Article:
Lessons from an infant…

Michaela, my youngest daughter, is just about eighteen months old. She’s at the stage of infancy I enjoy the most—she is just starting to figure out how the world works and is just learning how to communicate. Her vocabulary is increasing by the day and so many of her attempts to use these new words leave us howling with laughter. A couple of times a week Aileen “puppysits” for some neighbors who just got a new puppy. Michaela likes to look at the puppy, but hates it when the dog comes over to her and tries to play with her or, even worse, lick her. So Michaela sticks her little finger in the air, waves it at the dog, and says with all the authority she can muster, “No, no!” Needless to say, the puppy couldn’t care less and continues to pounce and to play.

This morning Aileen was trying to get Michaela dressed and that little girl just wouldn’t play nice. She squirmed and wiggled and screeched, but refused to submit to having her little pink pants put on. It’s not that there was something else she wanted to wear, or not that we could tell. She just did not want to be jostled and cajoled. At eighteen months she was already demanding autonomy. Then, when it came time to get her out the door to walk the other children to school, she flopped to the ground, unwilling to have me help her put her coat on. Never mind that she loves the pink coat with the flowers on it, and never mind that it’s only ten degrees above freezing out there—she didn’t think she needed that coat and was not going to go down without a fight.

It was amazing to me to see this little red-headed, pig-tailed baby fighting for nothing more than her right to autonomy. I’m convinced that she did not really want to go out this morning wearing only her pajamas, a dirty diaper and no coat. The issue is that she did not want us, her mother and father, forcing her to do anything. And so she rebelled against our authority, preferring to think that she would be happier if she did things her own way. And she’s not even two years old.

Somehow this rebellion against authority is one of humanity’s besetting sins. When even the babies are doing it—the infants who can barely express themselves verbally—we know it has deep roots.

Of course I’m far from immune to this sin. I rebel all the time. I may not flop to the ground when it comes time to getting dressed, but I see these same seeds of rebellion in my heart. I see the same desire to be autonomous and to do the things I want to do, regardless of what I’m told by those who have authority over me.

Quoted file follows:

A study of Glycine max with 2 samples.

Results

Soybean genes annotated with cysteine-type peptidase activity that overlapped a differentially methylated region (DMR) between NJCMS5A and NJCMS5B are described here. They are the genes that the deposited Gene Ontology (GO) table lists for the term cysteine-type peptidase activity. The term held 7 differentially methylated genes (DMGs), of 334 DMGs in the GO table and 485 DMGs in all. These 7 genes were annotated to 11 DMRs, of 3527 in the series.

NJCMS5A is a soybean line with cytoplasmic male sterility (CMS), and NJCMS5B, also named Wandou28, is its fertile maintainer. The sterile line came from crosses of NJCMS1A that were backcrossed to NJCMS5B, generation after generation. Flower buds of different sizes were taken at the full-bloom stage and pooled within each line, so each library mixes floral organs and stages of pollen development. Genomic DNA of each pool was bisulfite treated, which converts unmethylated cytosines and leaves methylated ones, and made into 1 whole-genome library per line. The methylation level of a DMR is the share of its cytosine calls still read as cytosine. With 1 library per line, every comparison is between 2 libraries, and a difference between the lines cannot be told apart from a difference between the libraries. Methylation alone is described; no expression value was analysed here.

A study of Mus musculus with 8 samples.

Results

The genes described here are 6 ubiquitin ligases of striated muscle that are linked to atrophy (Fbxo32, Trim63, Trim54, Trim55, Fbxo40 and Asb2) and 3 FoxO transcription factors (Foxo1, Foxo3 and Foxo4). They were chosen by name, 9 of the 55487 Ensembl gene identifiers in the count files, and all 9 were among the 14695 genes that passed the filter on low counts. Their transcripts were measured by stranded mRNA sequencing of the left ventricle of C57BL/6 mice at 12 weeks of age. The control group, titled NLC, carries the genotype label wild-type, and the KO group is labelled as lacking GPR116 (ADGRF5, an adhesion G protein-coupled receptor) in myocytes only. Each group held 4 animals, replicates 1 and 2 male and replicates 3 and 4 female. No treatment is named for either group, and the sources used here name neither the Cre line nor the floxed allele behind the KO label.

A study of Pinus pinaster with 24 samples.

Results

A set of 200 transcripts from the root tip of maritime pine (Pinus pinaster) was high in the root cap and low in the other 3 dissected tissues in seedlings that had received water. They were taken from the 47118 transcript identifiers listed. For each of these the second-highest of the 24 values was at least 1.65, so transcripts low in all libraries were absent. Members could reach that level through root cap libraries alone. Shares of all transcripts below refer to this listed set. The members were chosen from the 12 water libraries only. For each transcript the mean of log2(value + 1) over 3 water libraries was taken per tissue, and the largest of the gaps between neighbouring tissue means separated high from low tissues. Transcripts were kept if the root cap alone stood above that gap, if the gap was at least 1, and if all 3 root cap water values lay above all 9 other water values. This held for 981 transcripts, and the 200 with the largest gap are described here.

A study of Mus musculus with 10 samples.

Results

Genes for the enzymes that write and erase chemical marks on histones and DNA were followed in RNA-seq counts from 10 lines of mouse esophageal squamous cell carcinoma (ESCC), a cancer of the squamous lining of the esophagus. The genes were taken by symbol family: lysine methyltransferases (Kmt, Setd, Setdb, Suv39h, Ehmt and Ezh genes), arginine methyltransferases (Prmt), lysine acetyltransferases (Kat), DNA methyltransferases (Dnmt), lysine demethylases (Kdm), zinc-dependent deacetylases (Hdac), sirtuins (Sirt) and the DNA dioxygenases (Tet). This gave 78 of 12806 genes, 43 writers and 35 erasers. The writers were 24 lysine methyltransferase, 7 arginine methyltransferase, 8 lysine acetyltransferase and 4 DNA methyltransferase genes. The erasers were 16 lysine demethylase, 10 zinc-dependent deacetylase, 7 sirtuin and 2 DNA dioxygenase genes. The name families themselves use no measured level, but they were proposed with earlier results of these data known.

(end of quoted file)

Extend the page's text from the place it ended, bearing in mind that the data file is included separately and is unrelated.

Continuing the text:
Matthias Media’s “Two Ways to Live” presentation covers this well:

The sad truth is that, from the very beginning, men and women everywhere have rejected God by doing things their own way. We all do this. We don’t like someone telling us what to do or how to live—least of all God—and so we rebel against him in lots of different ways. We ignore him and just get on with our own lives; or we disobey his instructions for living in his world; or we shake our puny fists in his face and tell him to get lost.

How ever we do it, we are all rebels, because we don’t live God’s way. We prefer to follow our own desires, and to run things our own way, without God. This rebellious, self-sufficient attitude is what the Bible calls ‘sin’.

And what does God do about this sin and rebellion?

God cares enough about humanity to take our rebellion seriously. He calls us to account for our actions, because it matters to him that we treat him, and other people, so poorly. In other words, he won’t let the rebellion go on forever.

The sentence God passes against us is entirely just, because he gives us exactly what we ask for. In rebelling against God, we are saying to him, “Go away. I don’t want you telling me what to do. Leave me alone.” And this is precisely what God does. His judgement on rebels is to withdraw from them, to cut them off from himself—permanently. But since God is the source of life and all good things, being cut off from him means death and hell. God’s judgement against rebels is an everlasting, God-less death.

In my daughter’s rebellion against me I see just a shadow of her rebellion against God and from there, a glimpse of my own rebellion against Him. Some day my daughter will be glad that I did not say to her, “I will give you what you desire” and leave her to her own devices. She would not last a day. And I pray that she also sees in herself that the desire for autonomy is a desire for a Godless, rebellious existence at emnity with God. May she come to see the joy and the utter necessity of submitting to authority.